George Will offers his take on the new book by Michael Lewis, The Blind Side: Evolution of a Game. Lewis is the author of Moneyball, the 2003 bestseller that examined how the small-market Oakland Athletics stayed competitive in the financially top-heavy world of baseball and introduced "sabremetrics" to the general public. As Will notes, Lewis “is advancing a new genre of journalism that shows how market forces and economic reasoning shape the evolution of sports.”
Lewis’s latest case study involves college football, which has always been willing to accommodate the, uh, academically challenged but athletically able young men who serve as cash cows for the institution. Pro football then reaps the benefits of what is essentially a free farm system. In this particular case the efficient causes of change are Lawrence Taylor (the prototype athletic, pass-rushing outside linebacker) and Bill Walsh (architect of the West Coast and similar offenses, which spread the field) This combination can be lethal for quarterbacks unless their blind side is protected against freaks of nature like Taylor. This means the left offensive tackle for right-handed quarterbacks. Which means that the left tackle’s economic value has skyrocketed. Which means that freaks of nature are now being recruited to play what had hitherto been about the most obscure position on the field. Which means that colleges are willing to look the other way when admitting left tackles as well as quarterbacks and running backs.
Lewis’ book describes one of those freaks of nature – a freshman tackle at the University of Mississippi with an I.Q. of 80 from the mean streets of Memphis who bounced from foster home to foster home. At the end of the day much of the story revolves around the missionary spirit of the young man’s current parents – Ole Miss graduates and fanatic football fans, and evangelical Christians, who want to make a life for their foster son. The book is replete with colorful tales of creative recruiting and accreditation. Whether this is a depressing or uplifting tale will depend, I suppose, on how the young man’s life and career turn out. Be sure there will be a sequel if this one sells – Lewis isn’t immune to market forces either.
The NCAA has just come out with its latest study on the academic performance of college athletes, which indicates that they now graduate at slightly higher rate than the non-athlete student body (63-61%) after six years. The average for football remains below that level, 55%, as does basketball, 46%. The methodology used by the NCAA -- recently changed to accommodate complaints by coaches -- undoubtedly cooks the books, as does the federal methodology used to calculate overall graduation rates, so it’s hard to say what’s really going on. Here at the University of Virginia, we have just opened the posh John Paul Jones arenafor basketball – sorry, UVA hasn’t suddenly gone patriotic; it’s named after the father of a big donor. This has led to the usual criticism. One professor termed the new arena "Jefferson on steroids." He noted that 50 academic chairs could have been endowed for the money spent on the facility. As if John Paul Jones and the rest of the donors were going to do that.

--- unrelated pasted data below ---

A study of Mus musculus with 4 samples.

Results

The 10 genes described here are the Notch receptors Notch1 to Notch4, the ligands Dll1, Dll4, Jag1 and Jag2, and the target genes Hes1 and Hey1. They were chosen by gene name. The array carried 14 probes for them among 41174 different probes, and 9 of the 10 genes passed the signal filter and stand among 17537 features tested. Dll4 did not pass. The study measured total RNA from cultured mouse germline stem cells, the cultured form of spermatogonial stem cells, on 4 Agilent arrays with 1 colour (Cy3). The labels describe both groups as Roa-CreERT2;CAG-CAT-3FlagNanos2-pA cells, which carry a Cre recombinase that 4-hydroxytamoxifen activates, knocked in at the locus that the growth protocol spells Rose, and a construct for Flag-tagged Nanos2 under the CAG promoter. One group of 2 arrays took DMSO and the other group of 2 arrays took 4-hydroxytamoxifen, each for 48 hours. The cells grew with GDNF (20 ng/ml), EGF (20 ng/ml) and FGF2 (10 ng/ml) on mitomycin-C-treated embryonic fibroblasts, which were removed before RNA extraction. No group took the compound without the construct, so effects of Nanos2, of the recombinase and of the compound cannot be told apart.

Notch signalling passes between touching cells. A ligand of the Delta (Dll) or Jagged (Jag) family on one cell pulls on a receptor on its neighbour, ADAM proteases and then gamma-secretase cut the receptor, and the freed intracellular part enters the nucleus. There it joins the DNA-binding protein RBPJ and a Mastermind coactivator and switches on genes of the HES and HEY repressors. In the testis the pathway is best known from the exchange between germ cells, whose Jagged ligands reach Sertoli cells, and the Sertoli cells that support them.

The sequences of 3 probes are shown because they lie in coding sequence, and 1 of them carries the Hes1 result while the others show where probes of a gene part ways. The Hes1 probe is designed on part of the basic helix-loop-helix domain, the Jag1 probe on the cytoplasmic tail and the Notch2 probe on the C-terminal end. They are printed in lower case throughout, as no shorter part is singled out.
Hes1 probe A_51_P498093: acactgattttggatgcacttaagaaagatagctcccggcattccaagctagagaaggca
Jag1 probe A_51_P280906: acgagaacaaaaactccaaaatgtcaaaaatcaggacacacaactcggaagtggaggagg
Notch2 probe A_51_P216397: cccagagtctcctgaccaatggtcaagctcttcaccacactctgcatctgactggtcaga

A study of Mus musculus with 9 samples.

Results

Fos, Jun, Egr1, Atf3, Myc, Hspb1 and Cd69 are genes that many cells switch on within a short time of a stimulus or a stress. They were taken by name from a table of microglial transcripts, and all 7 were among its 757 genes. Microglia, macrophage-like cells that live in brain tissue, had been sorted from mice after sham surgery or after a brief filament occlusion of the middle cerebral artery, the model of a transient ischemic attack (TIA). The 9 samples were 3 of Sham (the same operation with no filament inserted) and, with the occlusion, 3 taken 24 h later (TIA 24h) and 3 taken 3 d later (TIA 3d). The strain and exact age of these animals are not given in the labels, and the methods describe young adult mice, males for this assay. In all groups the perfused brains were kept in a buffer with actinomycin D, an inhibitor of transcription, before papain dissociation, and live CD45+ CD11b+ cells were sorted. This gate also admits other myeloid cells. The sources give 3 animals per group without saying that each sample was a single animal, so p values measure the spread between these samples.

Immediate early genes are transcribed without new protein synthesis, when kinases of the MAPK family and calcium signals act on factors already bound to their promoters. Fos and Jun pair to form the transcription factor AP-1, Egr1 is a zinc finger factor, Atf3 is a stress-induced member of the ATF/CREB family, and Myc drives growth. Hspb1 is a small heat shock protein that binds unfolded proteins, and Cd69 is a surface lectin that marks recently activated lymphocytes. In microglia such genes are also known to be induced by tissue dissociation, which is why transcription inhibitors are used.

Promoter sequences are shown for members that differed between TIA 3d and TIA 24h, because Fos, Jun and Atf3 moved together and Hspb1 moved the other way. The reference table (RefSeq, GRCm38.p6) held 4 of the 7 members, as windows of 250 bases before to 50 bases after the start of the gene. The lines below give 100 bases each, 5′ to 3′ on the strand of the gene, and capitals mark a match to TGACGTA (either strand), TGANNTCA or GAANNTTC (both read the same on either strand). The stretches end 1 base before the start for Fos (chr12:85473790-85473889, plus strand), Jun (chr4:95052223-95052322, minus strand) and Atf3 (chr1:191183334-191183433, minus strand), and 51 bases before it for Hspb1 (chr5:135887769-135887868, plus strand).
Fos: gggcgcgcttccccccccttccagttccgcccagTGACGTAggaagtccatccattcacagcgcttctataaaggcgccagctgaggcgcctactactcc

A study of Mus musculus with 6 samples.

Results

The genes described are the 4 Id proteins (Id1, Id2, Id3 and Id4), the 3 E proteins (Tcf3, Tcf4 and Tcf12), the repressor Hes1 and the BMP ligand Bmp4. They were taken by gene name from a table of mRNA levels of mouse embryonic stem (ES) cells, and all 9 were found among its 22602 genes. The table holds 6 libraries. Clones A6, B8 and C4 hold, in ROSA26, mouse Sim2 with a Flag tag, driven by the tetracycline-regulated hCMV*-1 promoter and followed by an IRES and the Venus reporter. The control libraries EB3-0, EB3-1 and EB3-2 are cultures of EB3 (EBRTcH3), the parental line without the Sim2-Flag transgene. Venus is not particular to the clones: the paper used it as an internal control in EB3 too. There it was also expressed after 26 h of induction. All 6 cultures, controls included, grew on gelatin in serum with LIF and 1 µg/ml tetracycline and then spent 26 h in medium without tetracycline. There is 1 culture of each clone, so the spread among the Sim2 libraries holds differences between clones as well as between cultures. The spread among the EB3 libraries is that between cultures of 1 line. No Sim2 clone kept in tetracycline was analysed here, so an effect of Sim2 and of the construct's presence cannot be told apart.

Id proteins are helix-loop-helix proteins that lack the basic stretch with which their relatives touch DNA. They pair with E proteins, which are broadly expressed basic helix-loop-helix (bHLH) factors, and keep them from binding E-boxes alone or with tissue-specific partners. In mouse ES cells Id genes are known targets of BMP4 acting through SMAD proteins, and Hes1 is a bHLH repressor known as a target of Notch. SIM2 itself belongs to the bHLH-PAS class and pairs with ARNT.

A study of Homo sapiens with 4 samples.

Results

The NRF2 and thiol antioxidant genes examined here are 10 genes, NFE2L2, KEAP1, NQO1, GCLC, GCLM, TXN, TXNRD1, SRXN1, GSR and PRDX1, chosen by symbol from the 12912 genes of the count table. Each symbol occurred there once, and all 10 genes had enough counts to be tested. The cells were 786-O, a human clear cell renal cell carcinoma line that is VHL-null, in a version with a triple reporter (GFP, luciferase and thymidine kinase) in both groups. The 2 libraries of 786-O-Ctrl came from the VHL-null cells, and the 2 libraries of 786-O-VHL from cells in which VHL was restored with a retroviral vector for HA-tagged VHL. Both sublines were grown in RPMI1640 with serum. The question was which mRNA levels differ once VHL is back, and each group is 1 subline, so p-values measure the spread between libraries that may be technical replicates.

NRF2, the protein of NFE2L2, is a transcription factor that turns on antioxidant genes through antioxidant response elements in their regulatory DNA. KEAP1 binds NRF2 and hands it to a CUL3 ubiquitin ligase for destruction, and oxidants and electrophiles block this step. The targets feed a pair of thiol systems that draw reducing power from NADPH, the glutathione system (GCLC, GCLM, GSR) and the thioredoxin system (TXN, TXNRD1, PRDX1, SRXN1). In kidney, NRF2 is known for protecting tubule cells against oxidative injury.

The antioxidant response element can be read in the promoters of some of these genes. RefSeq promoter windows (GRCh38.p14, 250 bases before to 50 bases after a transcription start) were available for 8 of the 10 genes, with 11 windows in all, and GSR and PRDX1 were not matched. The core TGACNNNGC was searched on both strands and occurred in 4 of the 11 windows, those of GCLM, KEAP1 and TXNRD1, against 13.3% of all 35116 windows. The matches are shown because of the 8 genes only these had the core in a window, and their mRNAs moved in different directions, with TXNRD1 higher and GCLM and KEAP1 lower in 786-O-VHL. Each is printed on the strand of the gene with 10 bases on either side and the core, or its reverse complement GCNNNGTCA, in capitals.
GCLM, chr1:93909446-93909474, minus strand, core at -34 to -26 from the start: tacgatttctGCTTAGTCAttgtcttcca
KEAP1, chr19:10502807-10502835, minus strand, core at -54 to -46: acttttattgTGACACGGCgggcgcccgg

Jefferson on steroids -- that’s about the only accusation that hasn’t been made against the Sage of Monticello. I wonder if the author of the Declaration could play left tackle?
Should be really be shocked that gambling is taking place in Casablanca? Lewis’ book is hardly a revelation. I would tell you some stories related to me by my great uncles, who were college athletes in the 1920s and 1930s, except they would get several universities placed on probation. My own view on the subject, as I have said, is that if it is corruption, it is magnificent corruption, and we should lose sight of neither element. Although there is great room for reform in college athletics, there is much more need for revolution in the colleges as a whole. Start there first. Somehow I don’t think Donna Shalala is doing much on either front.